Asst Prof of Indian origin bags $505K grant to research digitizing Texas bridges


The Texas Department of Transportation (TxDOT) has awarded a three-year, $505,286 grant to an assistant professor of Indian origin at the Cullen College of Engineering. The grant is meant to solve complex problems relating to highway bridge safety and enable the academician to conduct advanced research on digitizing bridges using robots, data, and artificial intelligence (AI).

Vedhus Hoskere, an assistant professor in the Civil and Environmental Engineering Department who joined the faculty at Cullen in 2020 is the lead PI for research, “Development of Digital Twins for Texas Bridges.” The project began in September 2023 and the research is expected to continue till August 2026. Hoskere said that the goal is to increase the efficiency and effectiveness of the state’s bridge maintenance.

“Texas is home to 55,000 bridges, more than twice any other state in the country,” he said. “These bridges must be inspected every two years, but traditional inspection procedures of bridges are not always effective in making sure bridges are safe. Our project with the Texas Department of Transportation is about figuring out how to best leverage technology like drones, cameras, sensors, and AI to gather a lot of data about bridges, and then use that data to make high-quality decisions.”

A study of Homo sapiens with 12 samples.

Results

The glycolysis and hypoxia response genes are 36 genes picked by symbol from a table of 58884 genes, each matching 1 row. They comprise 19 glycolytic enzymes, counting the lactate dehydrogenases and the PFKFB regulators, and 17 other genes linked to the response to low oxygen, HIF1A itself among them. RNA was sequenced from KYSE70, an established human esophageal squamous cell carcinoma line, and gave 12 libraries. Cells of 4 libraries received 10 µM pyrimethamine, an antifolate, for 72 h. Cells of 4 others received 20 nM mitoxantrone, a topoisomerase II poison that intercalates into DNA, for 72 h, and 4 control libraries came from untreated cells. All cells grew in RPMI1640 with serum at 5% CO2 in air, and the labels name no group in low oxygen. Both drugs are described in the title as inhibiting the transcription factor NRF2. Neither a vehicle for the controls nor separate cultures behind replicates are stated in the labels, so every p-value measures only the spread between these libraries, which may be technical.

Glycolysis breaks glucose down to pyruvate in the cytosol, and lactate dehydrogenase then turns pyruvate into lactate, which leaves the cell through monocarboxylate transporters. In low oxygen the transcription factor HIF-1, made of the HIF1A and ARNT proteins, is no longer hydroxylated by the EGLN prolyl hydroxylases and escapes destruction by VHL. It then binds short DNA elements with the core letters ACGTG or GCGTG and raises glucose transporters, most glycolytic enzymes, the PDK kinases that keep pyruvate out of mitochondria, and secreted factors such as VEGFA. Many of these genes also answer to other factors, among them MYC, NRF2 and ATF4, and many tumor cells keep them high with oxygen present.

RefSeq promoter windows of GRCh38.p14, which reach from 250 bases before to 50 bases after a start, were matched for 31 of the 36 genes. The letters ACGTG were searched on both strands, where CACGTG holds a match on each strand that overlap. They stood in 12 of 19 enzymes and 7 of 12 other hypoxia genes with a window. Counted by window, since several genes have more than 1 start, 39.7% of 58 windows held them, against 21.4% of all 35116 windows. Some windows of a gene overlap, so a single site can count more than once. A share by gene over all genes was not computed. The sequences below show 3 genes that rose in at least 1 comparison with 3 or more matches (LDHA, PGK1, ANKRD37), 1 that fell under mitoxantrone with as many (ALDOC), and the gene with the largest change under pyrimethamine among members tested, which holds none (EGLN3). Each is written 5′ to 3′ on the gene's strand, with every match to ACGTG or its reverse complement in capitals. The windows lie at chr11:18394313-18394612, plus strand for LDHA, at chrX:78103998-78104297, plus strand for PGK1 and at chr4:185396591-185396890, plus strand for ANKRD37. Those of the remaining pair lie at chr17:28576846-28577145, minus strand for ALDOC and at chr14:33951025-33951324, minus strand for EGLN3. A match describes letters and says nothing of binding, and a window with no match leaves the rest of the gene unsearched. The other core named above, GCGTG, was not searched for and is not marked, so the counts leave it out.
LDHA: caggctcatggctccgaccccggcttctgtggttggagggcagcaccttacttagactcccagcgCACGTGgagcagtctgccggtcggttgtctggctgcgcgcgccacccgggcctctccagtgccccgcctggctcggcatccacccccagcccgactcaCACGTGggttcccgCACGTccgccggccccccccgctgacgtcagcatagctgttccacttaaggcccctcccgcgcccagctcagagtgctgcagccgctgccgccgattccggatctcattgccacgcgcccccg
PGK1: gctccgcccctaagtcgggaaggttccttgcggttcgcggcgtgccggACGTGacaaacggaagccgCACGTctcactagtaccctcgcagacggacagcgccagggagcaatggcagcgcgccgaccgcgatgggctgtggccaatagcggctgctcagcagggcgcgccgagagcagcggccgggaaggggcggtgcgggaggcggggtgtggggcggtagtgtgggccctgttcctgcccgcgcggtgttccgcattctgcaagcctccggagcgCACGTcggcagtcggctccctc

“To put this data in context, we create a 3D digital representation of these bridges, called digital twins. Then, we use artificial intelligence methods to help us find and quantify problems to be concerned about. We’re particularly interested in any structural problems that we can identify – these digital twins help us monitor changes over time and keep a close eye on the bridge. The digital twins can be tremendously useful for the planning and management of our aging bridge infrastructure so that limited taxpayer resources are properly utilized.”

This is the first TxDOT project that Hoskere will be working on. “We have been researching developing digital twins for inspections and management of various infrastructure assets over the past 8 years. This project provides us an opportunity to leverage our expertise to help TxDOT achieve their goals while also advancing the science and practice of better developing these digital twins,” he added.

Hoskere also chairs the sub-task group of the International Association for Bridge and Structural Engineering (IABSE) on AI methodologies for typical pathologies, and degradation identification for remote inspection of bridges. “Our international efforts align closely with this project’s goals. The insights gained globally will enhance our work in Texas, while our research at UH contributes to advancing bridge digitization worldwide,” Hoskere said.
In addition to Hoskere, Dr. Craig Glennie will be a co-PI for the project, while Hugh Roy, and Lillie Cranz Cullen will be distinguished chair and director of the National Center for Airborne Laser Mapping. “We’re very fortunate to have a world-renowned expert like Dr. Glennie be part of this project. He will contribute his knowledge and expertise on laser scanning to help realize the project’s objectives,” Hoskere said.